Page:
2008 Eyrie "Estate Grown" Dundee Hills Pinot Noir

SKU #1061951

93 points from Stephen Tanzer's International Wine Cellar: "Light, bright ruby. A seductive, complex bouquet evokes raspberry, cherry and a deeper note of sloe berry, with Asian spice and floral qualities adding complexity. Supple red and dark berry flavors are seamless and alluringly sweet, with subtle spicecake and candied rose notes gaining strength with air. Rich but lively as well, with excellent finishing cling and a resonating dark berry note. This wine displays deep, creamy fruit on a lithe chassis; it also has the balance to age." (Jul/Aug 10) 92 points Robert Parker: "The medium ruby red 2008 Pinot Noir Estate offers up a lovely perfume of cherry blossom, cinnamon, incense, cranberry, and raspberry. Elegant on the palate with plenty of spicy red fruit, lively acidity, and enough structure to evolve for several years, it will be at its best from 2013 to 2023. A visit to The Eyrie Vineyards and Jason Lett is always a highlight of my 2 weeks in Willamette Valley. Jason pursues his (and his late father's) vision of viticulture and winemaking with little or no regard to what others are doing, and it seems to work out just fine." (10/10)

Rare is it that you actually get to experience the first of something these days. In a time when everything has been done and then copied and then mass produced it is a sheer pleasure to have the original, especially when it is arguable that no one has greatly improved on what the Lett family set out to do over 40 years ago. The first to plant Pinot Noir and Chardonnay in the Willamette Valley and the first to plant Pinot Gris anywhere in the US David and Diana Lett were true pioneers, and with a handful of others the parents of the Oregon wine industry. Their Estate Pinot comes from 4 vineyards, the original plantings from 1965, and 3 younger vineyards bringing the average age of the vines included here to 29years old. These vines are all un-irrigated and, planted on their own rootstock and the Lett’s have never used any insecticides, herbicides or systemic fungicides. Wet earth, dries rose petals, sandstone and sour cherry combine here on the very Oregonian nose. Savory rather than sweet or overtly fruity this has a wonderful beefiness/bloodiness to bright herbaceous tones. Building acidity and unfurling red berry fruit begins at the mid-palate and seems to go on forever. Cranberry, sage, hedgehog mushroom, red currant and fennel pollen all combine to make this a true treat now and a very special wine for the future. (Bryan Brick, K&L)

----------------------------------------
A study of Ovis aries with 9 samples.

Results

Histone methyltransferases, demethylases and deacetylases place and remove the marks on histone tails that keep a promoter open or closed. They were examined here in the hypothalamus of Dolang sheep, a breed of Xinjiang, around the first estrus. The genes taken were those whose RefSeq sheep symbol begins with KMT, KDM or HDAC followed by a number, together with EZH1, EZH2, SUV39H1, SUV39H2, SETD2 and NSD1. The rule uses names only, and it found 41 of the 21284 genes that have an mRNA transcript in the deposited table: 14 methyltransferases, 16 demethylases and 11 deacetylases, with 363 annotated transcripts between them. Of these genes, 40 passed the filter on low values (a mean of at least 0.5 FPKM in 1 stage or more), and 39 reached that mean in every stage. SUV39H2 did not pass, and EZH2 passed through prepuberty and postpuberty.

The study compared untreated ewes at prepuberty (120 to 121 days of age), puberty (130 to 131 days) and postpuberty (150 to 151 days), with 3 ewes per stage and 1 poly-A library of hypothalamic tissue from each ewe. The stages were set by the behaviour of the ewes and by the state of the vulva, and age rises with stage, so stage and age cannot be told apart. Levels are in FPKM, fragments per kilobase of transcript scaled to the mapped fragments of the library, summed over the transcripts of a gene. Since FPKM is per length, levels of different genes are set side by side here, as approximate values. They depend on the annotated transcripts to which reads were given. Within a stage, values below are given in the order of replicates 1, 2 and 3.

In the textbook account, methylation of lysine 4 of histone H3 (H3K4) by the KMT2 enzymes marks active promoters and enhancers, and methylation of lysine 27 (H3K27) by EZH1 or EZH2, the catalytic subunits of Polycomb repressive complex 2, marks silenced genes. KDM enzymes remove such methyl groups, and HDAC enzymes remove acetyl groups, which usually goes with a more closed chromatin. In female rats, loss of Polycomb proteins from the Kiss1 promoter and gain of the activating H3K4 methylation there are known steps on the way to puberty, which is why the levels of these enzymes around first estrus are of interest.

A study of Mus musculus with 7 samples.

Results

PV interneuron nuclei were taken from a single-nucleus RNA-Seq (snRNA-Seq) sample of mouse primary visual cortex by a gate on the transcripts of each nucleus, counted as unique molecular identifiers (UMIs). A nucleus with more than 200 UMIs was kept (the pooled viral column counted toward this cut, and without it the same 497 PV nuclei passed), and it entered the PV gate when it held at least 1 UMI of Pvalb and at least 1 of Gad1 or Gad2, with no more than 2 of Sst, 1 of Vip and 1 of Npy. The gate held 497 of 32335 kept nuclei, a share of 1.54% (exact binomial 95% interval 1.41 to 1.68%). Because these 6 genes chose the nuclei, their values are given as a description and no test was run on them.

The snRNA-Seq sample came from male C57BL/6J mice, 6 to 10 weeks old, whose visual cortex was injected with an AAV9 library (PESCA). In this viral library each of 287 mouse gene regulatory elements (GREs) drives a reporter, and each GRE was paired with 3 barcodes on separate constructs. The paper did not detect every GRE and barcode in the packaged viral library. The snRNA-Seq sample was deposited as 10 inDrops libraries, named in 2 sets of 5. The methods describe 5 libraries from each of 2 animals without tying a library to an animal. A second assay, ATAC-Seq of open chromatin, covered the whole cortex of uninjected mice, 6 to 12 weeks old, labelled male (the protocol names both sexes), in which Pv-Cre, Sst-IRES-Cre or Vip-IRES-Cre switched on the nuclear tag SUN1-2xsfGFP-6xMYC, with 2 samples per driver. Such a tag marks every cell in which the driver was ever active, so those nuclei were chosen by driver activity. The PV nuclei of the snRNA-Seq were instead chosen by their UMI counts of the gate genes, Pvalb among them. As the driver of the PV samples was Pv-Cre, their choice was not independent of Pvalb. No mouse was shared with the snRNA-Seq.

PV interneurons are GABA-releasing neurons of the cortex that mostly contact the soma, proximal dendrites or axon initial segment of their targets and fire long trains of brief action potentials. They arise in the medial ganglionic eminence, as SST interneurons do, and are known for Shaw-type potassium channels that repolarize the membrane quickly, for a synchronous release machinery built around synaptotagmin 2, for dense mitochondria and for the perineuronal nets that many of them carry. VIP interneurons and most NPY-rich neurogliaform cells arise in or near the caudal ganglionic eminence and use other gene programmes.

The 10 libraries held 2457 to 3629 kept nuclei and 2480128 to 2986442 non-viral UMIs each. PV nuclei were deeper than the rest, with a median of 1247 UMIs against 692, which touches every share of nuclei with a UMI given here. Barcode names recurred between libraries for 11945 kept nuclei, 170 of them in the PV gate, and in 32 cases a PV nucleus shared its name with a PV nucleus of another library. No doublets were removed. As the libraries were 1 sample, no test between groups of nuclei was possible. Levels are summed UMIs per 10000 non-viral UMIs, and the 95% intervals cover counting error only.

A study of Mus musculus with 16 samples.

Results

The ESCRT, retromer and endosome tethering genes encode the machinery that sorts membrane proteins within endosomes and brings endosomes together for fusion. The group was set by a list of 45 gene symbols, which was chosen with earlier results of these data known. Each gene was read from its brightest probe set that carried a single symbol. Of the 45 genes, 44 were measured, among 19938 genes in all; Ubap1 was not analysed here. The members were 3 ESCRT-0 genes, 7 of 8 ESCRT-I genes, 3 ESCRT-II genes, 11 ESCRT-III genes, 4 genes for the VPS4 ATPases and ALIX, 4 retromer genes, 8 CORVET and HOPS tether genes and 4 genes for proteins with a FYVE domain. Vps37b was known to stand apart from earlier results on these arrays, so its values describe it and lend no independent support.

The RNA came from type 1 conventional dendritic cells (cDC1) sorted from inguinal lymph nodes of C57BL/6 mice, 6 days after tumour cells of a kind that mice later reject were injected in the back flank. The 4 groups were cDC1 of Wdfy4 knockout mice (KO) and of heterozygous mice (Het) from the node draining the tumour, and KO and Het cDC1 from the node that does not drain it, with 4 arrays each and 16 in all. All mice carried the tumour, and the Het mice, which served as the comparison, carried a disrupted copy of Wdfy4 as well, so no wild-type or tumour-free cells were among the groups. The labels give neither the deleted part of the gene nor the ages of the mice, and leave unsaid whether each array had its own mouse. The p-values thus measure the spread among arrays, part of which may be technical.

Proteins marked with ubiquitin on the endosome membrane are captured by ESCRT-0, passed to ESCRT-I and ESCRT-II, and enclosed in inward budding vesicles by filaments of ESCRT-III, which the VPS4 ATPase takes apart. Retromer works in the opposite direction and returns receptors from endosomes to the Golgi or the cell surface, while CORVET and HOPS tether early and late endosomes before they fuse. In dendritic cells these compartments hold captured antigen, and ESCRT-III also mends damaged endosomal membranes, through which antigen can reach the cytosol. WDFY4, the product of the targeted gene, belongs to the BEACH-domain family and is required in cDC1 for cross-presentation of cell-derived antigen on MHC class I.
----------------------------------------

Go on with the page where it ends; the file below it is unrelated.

- One of France's most legendary grapes and the grape that earned Burgundy its reputation. The parent of varietals like Pinot Gris/Grigio and Pinot Blanc, Pinot Noir is blue to violet to indigo in color with relatively thin skins, and it is said to have been cultivated in France for more than 2,000 years. At its best, Pinot Noir creates elegant wines that are filled with primary red fruit aromas and flavors while young, revealing with an array of secondary characteristics like earth, smoke, violet, truffle and game with age. The varietal is also known, perhaps better than any, for its ability to translate terroir, or a sense of place. While the best Pinot Noir still comes from Burgundy, it is being produced with increasing success in cooler climates around the world. In France, it is part of the trifecta of grapes that can go into Champagne, and it is also grown in Alsace, Irancy, Jura, Savoie, Lorraine and Sancerre. Outside of France it is produced under the names Pinot Nero and Blauburgunder in Italy's mountainous regions, as Spätburgunder in Germany and as Blauburgunder in Austria. In the US, Pinot Noir has found suitable growing conditions in the cooler parts of California, including Carneros, the Russian River Valley, the Anderson Valley, the Sonoma Coast, Monterey County, the Santa Lucia Highlands and Santa Barbara County, as well as in Oregon's Willamette Valley. In recent years, New Zealand has demonstrated its ability to interpret this hard-to-grow varietal, with successful bottlings coming from careful and attentive growers in Central Otago, Martinborough and Canterbury. Chile is also an up-and-coming region for Pinot Noir, creating fresh, fruit-forward, early-drinking and affordable Pinots from the coastal Casablanca Valley and the Limari Valley.

United States

- When people consider domestic wine, they normally think about the state of California. The fine viticultural Region within California, including the Napa Valley, Sonoma, Santa Cruz Mountains, Mendocino and Santa Barbara, are capable of growing grapes of world-class quality. But there's plenty of fabulous wine coming from other states, too. Oregon, Washington and New York are also causing eyebrows (and glassware) to be raised around the world. Click for a list of bestselling items from the United States.


- Highly touted for its Pinot Noirs, Oregon is part of the up-and-coming winemaking industry in the Pacific Northwest of the United States. Most of Oregon is directly affected by the climate coming off of the Pacific Ocean, giving it mild winters and wet summers. This makes it a difficult place to ripen grapes, but some say that the harder grapes have to struggle, the more complex they will turn out to be. Chardonnay and Pinot Gris are two important and successful grapes grown in Oregon.